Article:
Concordia’s art store puts the pain in painting.
The DeSerres employee is tired of seeing my face. That’s the only way to explain his eyebrow raise as I trudge into the Atwater station art supply store for the tenth time this week. He’s seen it all, from my frantic rush to find oil paints 30 minutes before my first class to the avalanche of pastels I caused in the third aisle. He hasn’t seen the last of me, though—I’m beginning to think I’ll spend more of this semester in the DeSerres than I will in the studio.
My loyalty to the business is caused by necessity, not by choice. Professors stress the importance of well-sourced materials, but a lack of viable options forces students to take what they can get. At the start of the semester, I hoped I would be able to furnish my supply needs entirely through Concordia’s art store (for those who aren’t aware, the art store is located in the basement of the LB building, just past the bookstore) as I assumed it would be the most affordable and accessible option. A single visit proved my assumption wrong: I discovered high prices and a shocking lack of stock. With the store missing even the basics, I turned to the next logical option.
Of course, supporting a chain store is not ideal. It is important to be proud of where your materials come from and the resources you use to create your work. Buying from smaller local shops is always possible, but many small businesses are out of the way (and therefore inconvenient for frequent visits) or overpriced. Artists—especially student artists—are short on time and money as is. “I think it’s ironic that the main resource for art supplies on campus isn’t budget friendly,” says Andrea Chenier, a third-year studio art and art history major.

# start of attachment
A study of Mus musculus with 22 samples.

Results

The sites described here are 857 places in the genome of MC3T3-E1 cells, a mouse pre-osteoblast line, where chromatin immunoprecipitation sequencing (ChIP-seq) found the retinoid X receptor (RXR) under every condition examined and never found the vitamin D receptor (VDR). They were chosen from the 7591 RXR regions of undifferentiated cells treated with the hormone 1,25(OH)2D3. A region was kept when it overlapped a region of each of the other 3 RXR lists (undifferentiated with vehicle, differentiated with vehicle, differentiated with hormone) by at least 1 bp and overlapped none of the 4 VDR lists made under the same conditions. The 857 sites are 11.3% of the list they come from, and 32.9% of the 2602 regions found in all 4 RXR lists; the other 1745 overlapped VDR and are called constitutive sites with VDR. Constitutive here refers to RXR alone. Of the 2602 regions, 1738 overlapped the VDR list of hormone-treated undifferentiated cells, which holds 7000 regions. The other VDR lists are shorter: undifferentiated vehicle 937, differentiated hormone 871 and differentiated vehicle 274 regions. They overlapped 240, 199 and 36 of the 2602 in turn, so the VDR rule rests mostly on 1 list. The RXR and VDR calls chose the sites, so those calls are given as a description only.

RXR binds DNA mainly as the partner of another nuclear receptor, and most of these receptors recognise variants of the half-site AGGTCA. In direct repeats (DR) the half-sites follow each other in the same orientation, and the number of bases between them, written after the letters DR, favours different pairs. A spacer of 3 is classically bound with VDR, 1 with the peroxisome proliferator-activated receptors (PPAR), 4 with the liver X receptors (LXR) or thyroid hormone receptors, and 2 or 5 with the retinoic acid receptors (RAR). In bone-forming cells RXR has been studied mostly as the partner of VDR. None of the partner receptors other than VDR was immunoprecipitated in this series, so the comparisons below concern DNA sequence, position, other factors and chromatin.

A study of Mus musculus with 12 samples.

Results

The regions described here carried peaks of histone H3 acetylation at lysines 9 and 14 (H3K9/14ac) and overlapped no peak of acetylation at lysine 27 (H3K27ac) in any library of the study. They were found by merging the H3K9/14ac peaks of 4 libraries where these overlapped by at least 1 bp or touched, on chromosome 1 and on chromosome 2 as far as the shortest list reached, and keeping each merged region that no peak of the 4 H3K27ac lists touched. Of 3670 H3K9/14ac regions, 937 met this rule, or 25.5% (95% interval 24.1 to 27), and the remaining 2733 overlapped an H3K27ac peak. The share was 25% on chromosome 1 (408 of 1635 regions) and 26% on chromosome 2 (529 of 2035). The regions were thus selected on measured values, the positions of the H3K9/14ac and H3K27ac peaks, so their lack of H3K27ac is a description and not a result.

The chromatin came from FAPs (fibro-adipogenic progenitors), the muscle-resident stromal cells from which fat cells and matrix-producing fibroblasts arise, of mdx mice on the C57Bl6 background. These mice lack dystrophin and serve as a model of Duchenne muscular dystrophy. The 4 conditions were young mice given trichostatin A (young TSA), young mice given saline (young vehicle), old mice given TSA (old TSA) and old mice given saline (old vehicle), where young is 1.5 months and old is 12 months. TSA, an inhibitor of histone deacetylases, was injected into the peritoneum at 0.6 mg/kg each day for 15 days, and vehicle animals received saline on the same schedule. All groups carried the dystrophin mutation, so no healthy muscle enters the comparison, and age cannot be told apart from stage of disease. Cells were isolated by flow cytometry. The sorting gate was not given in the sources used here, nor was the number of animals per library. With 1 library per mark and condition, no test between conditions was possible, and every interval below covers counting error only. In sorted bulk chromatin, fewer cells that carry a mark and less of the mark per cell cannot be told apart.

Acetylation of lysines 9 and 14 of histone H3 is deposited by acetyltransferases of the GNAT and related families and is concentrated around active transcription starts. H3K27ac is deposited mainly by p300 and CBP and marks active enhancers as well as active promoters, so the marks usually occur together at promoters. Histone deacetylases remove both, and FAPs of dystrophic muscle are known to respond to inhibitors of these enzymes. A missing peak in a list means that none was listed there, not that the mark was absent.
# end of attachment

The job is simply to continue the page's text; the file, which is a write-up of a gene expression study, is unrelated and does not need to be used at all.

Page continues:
At the same time, buying required books is alarmingly easy. At the bookstore, reading material is organized in alphabetical order in sleek stacks, which makes finding books a breeze. If a book is on your syllabus, it’s likely to be at the bookstore. Used books are displayed at a reduced price, ensuring a second option for those who don’t want to spend too much. Why, then, does the same system not apply at the art store? Surely, stock should be determined by demand—and this demand is high across the demographic. With Concordia being a university well-known for its fine arts programs, and Montréal being a city renowned for its art scene, our lack of options is pitiful.
A better-stocked art store may seem like a frivolous wish, but it would improve the artistic processes of countless students. A well-rounded art store means less stress and less money spent. Most of all, it means far less time at DeSerres. But while I’m here, should I get a points card? Might as well.